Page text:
During one of the hardest chapters in American history, electric co-ops volunteered to win the war in Vietnam. They didn’t win the war, but in his new book “Poles, Wires and War, The Remarkable Untold Story of Rural Electrification and the Vietnam War,” author Ted Case tells a riveting story of how they tried. He argues that the success electric co-ops had in the conflict that divided our nation just might have helped that southeast Asian nation recover more quickly by demonstrating the value of bringing electricity to the countryside.
Case brings authority to the book as executive director of the Oregon Rural Electric Cooperative Association. But he also makes good use of his masters degree in fiction writing to tell a compelling story of an audacious offer from Arkansas native Clyde Ellis, the head of the National Rural Electric Cooperative Association (NRECA), to President Lyndon Johnson. Give the South Vietnamese electricity, said Ellis, and you’ll win their hearts and minds in the fight against communism.
What followed was a classic battle of enormous personalities, foreign and domestic political and military maneuvering, and a determined band of people who brought electricity to the American countryside, fighting the odds to bring light to a war zone halfway around the world.
Case creates a fast-paced narrative as the crews race the collapsing war to pass bylaws, organize the co-ops and tangle with corruption, bureaucracy, in-fighting, and oh yes, Viet Cong soldiers determined to destroy what they were creating. In the end, in less than four years, three electric co-ops were bringing electricity to more than 8,000 members.
It was a service the South Vietnamese villagers valued and owned. They even felt strong enough to literally fight for it, in a doomed battle against an assault from Viet Cong armored tanks. Case recently talked about the book and what the history of electric co-ops means for their member-owners.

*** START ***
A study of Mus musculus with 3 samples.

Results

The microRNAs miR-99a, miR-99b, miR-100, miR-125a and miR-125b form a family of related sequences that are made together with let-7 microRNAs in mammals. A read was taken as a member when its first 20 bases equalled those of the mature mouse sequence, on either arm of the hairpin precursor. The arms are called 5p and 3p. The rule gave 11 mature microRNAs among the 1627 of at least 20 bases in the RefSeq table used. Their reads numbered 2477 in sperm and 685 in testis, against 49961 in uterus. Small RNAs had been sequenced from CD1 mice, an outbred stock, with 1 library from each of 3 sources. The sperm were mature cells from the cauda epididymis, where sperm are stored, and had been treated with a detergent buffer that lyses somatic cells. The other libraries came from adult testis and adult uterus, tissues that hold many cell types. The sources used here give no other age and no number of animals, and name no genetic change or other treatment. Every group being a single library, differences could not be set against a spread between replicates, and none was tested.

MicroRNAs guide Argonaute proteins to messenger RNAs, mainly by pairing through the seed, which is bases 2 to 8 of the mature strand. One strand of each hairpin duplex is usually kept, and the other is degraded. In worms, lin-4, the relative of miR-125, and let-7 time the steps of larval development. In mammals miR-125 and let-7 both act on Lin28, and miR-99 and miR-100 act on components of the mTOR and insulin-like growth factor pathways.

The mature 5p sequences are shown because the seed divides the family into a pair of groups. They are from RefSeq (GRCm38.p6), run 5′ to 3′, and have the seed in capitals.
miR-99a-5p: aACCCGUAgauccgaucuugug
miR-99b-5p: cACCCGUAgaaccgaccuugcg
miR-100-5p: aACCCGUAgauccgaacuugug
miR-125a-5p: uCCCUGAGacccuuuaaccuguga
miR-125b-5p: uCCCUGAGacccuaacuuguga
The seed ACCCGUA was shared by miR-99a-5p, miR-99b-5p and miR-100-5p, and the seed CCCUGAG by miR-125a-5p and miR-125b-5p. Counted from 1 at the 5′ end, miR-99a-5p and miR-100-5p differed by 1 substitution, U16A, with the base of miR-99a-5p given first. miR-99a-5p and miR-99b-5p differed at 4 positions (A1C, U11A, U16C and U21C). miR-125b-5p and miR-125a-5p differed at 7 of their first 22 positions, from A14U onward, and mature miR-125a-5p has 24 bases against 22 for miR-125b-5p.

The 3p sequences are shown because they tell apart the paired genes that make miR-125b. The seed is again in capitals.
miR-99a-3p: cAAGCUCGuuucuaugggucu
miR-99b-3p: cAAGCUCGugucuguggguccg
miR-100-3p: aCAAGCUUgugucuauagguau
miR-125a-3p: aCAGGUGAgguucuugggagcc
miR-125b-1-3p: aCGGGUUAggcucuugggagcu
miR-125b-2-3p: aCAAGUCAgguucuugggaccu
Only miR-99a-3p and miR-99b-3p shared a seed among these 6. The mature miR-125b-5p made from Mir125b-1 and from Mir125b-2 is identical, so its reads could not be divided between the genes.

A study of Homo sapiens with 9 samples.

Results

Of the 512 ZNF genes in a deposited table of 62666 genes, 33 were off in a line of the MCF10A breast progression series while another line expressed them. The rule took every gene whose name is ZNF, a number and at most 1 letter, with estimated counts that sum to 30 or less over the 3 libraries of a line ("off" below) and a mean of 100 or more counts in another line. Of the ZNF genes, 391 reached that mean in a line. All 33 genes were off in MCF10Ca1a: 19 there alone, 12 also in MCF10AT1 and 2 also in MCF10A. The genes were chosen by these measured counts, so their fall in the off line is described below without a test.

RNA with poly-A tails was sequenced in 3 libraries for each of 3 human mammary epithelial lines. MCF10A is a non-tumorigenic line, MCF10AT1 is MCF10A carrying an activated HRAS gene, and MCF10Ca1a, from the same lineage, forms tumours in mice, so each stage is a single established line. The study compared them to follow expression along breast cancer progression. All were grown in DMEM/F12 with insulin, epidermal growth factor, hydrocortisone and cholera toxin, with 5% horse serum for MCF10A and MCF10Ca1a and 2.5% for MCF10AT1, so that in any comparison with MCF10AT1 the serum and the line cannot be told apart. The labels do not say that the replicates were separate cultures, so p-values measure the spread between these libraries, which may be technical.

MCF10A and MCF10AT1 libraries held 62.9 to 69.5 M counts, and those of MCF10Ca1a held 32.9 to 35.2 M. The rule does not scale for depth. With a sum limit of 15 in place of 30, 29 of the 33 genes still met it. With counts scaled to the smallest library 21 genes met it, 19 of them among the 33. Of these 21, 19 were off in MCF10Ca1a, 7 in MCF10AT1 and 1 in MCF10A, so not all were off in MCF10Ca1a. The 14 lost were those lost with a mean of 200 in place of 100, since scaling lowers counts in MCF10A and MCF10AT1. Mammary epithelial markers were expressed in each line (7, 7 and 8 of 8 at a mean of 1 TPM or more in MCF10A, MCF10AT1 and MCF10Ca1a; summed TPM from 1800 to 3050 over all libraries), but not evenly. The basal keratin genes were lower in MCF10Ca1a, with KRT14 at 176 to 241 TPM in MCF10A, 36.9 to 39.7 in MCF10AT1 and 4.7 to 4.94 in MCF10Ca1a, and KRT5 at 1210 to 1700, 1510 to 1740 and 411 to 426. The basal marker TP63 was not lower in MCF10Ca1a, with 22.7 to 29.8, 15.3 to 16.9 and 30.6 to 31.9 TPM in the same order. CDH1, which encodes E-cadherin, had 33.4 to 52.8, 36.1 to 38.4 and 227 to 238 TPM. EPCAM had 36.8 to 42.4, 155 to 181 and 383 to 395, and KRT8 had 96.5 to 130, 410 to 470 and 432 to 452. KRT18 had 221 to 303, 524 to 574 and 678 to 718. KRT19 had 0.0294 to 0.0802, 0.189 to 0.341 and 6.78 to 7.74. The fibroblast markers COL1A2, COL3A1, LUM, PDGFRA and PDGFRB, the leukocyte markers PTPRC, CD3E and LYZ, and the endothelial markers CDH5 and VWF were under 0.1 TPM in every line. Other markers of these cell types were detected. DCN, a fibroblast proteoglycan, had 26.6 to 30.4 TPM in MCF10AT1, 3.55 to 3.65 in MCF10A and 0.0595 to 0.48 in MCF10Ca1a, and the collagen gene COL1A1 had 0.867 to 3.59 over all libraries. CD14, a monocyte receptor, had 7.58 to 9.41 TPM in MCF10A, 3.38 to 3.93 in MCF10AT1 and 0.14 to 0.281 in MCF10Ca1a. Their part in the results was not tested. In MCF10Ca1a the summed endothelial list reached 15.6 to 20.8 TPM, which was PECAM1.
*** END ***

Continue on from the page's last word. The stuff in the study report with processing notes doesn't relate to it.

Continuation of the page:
Question: How did you end up writing about electric co-ops in the Vietnam War?
Ted Case: It came out of my first book and the chapter on President Lyndon Johnson. In 1965, he received a letter from Ellis saying that NRECA could help win the war by putting electric co-ops in Vietnam. I was intrigued by that bold claim. Since Johnson was such an early and strong supporter of rural electrification in Texas, he embraced Ellis’s proposal fully. Learning about that story led me on this quest to track down some of the men and women who had worked on it.
Question: Did NRECA start co-ops in Vietnam?
Ted Case: It was a really good effort. Just 20 men went over there in a five-year period. These were the most difficult co-ops to establish in the history of the electric co-op program. The Viet Cong soldiers that were fighting against the South Vietnamese tried to cut down the co-op lines and chop down their poles and blow up their dams and they did all those things. The people trying to start the co-ops faced rampant corruption and an inability to get poles and other materials. They got three co-ops up and running and brought light to thousands of villagers. But the program ended and they had to leave and the communists overtook the country.
Question: What lessons did you learn from researching the book?
Ted Case: The support the U.S. co-op workers got from the Vietnamese villagers was not unlike the support from the farmers who started electric co-ops in the United States in the 1930s. The Vietnamese villagers wanted a radio. They wanted an iron and lights to read. Toward the end of the war when the communists were rolling through the country in 1975, they came to a town that was one of the co-ops’ headquarters. The militia in the town rose up and fought against the communists in one of the most heroic battles of the war. They were fighting for their electricity. They were fighting for what they had built.
To order Case’s book, visit: TedCaseAuthor.com.
Paul Wesslund writes on cooperative issues for the National Rural Electric Cooperative Association, the Arlington, Va.-based service arm of the nation’s 900-plus consumer-owned, not-for-profit electric cooperatives.